Victor L. Schermer By


In addition to personal recollections and tributes, two excellent books (Peter Pettinger's Bill Evans: How My Heart Sings (Yale University Press, 1998) and Keith Shadwick's Bill Evans—Everything Happens to Me: A Musical Biography (Backbeat Books, 2002)) and a recent film documentary (Director Bruce Spiegel's Bill Evans: Time Remembered (The Life and Music of Bill Evans) (Independent release, 2016), document Evans' life, music, and impact in depth and detail. Despite his tragic problems with addiction, he was throughout his life a gentleman, well read and knowledgeable, and without doubt a musical genius.

Drummer Joe La Barbera served in Bill Evans' final trio from 1978 to 1980, when Evans died too soon at the age of 51. Together with bassist Marc Johnson, they brought Evans' explorations of the trio format to a peak, thrilling audiences around the world. In this heartfelt interview, La Barbera reflects about his experience with Bill Evans in a way that is both deeply personal and musically perceptive. He discusses what Evans sought from his trio, reveals Evans' personality in great depth, takes us through the last days, and recalls the strong bonds that formed between them.

All About Jazz: What makes Bill Evans so special?

Joe La Barbera: The reason Bill Evans' music resonates so much with people and why he has such a strong following is because it communicates on a very emotional level. Feeling is primary in his music. A lot of musicians like to point out the technical aspects of his playing and I'll just touch on that briefly. Technically speaking, what he was doing with his trios was more of an interaction among all three musicians. There was a constant kind of conversation that was taking place. With that in mind, in that first brilliant trio with Scott LaFaro and Paul Motian, Scott and Paul were also re-defining their roles as opposed to the accepted straight ahead format with the bassist walking at the bottom, the drummer keeping time, and the pianist being featured on top of that. Instead, they became equal partners conversationally in the music.

Another innovation was that Bill was using rootless voicings in his chords, which means that he took the root or tonic out of his left hand, leaving that to the bassist to decide which note to use. These are some purely technical aspects of his approach. But overall, it was the feeling that he was communicating with audiences that was unique.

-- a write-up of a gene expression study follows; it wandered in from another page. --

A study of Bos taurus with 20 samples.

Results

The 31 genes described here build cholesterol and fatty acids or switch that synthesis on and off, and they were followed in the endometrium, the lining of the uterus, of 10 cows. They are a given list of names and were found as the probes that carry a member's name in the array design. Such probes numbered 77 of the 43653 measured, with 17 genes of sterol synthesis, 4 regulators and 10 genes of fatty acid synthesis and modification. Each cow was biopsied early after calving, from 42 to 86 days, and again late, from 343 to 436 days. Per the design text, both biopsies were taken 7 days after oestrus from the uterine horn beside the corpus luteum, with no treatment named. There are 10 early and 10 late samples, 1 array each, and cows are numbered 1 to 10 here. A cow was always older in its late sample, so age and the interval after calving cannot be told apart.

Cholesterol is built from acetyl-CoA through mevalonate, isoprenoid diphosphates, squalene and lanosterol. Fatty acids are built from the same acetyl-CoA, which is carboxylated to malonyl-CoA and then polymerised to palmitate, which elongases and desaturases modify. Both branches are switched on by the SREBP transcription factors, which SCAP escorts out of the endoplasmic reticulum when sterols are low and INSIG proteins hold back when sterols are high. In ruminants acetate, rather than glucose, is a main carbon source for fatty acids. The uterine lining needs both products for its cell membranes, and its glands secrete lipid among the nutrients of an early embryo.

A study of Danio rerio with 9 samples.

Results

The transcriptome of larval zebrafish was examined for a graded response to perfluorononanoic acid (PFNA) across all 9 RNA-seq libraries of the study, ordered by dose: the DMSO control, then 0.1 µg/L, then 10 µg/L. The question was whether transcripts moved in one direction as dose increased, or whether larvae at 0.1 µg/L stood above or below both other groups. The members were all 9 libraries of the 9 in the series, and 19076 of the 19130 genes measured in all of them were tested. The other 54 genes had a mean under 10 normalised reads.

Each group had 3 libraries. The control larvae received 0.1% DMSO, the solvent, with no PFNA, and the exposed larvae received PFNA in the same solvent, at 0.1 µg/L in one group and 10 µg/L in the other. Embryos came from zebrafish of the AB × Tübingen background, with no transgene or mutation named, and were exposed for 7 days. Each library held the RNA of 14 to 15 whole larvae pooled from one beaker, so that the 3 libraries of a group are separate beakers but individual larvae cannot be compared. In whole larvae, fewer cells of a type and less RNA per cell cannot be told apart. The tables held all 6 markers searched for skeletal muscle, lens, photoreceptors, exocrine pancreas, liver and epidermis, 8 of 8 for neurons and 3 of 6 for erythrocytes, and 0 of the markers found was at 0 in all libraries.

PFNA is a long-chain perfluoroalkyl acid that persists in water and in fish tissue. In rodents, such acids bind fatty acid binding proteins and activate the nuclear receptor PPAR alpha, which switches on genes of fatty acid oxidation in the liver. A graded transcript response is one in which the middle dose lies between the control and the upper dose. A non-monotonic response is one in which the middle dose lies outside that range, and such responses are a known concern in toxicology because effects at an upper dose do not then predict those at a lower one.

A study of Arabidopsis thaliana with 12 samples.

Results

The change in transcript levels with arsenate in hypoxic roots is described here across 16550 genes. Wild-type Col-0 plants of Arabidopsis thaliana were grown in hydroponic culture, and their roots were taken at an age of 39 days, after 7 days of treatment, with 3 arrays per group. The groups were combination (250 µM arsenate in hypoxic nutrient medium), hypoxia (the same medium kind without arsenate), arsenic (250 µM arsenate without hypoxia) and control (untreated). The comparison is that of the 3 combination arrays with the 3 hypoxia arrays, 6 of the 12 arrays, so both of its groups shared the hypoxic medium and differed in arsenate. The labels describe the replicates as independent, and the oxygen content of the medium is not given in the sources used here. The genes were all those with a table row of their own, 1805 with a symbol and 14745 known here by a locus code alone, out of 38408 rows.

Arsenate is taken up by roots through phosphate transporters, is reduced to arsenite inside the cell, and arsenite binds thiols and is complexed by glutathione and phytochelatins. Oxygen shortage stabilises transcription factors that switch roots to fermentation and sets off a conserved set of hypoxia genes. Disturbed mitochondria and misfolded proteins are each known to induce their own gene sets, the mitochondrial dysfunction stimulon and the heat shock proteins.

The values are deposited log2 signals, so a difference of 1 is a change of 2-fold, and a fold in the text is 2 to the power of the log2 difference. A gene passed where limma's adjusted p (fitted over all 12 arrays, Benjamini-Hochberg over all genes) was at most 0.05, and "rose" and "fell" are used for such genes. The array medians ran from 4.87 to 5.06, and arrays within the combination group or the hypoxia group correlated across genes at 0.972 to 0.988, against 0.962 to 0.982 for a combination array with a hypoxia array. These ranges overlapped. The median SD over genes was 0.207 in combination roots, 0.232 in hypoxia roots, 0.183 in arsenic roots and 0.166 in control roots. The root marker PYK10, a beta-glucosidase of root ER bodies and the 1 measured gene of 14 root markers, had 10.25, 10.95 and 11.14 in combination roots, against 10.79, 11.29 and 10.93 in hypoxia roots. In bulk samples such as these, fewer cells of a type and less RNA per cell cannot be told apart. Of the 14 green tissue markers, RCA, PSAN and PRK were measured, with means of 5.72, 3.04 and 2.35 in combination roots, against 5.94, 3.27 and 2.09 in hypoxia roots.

There were other things he was doing like rhythmic displacement that made the sound and the feel of his solos unique. There were devices that he was using like no comping in his left hand, just playing single lines in his right hand, or two hands in octaves and block chording. But these were all just devices at his disposal that he would use to shape the music. These were tools he would use to create the feeling in his music that was always his primary goal.

AAJ: Would you say that the removal of the root helped him to be more lyrical and expressive in his playing?

JLB: No. I think he was always lyrical. I have heard recordings of Bill as early as 1944 when he was still in high school, and that lyricism was always there. He always was a melody-driven improviser. That was the music he grew up with, the music that he really loved. He loved the romantic feeling in music.

AAJ: Even in classical music, he loved the romantic composers.

JLB: Absolutely. And that romantic feeling wouldn't limit itself to ballads. It would also include the up-tempo burners. The lyricism was always there.

AAJ: A propos of that, in my view he was able to change the approach to the piano from that of a percussion instrument (strong attack; pads hitting the strings) into a singing instrument (gentler touch, emphasizing the tones and linking them together into a whole). I think there was something in the way he touched the piano that was new at the time. That seems to have opened the door into whole new territories.

JLB: That is absolutely true. He is one of a handful of artists—you could also point to Louis Armstrong, Dizzy Gillespie, Charlie Parker, Miles Davis and John Coltrane, who were so strong that once they came on the scene, they changed the way the next generation of young players approached their instrument.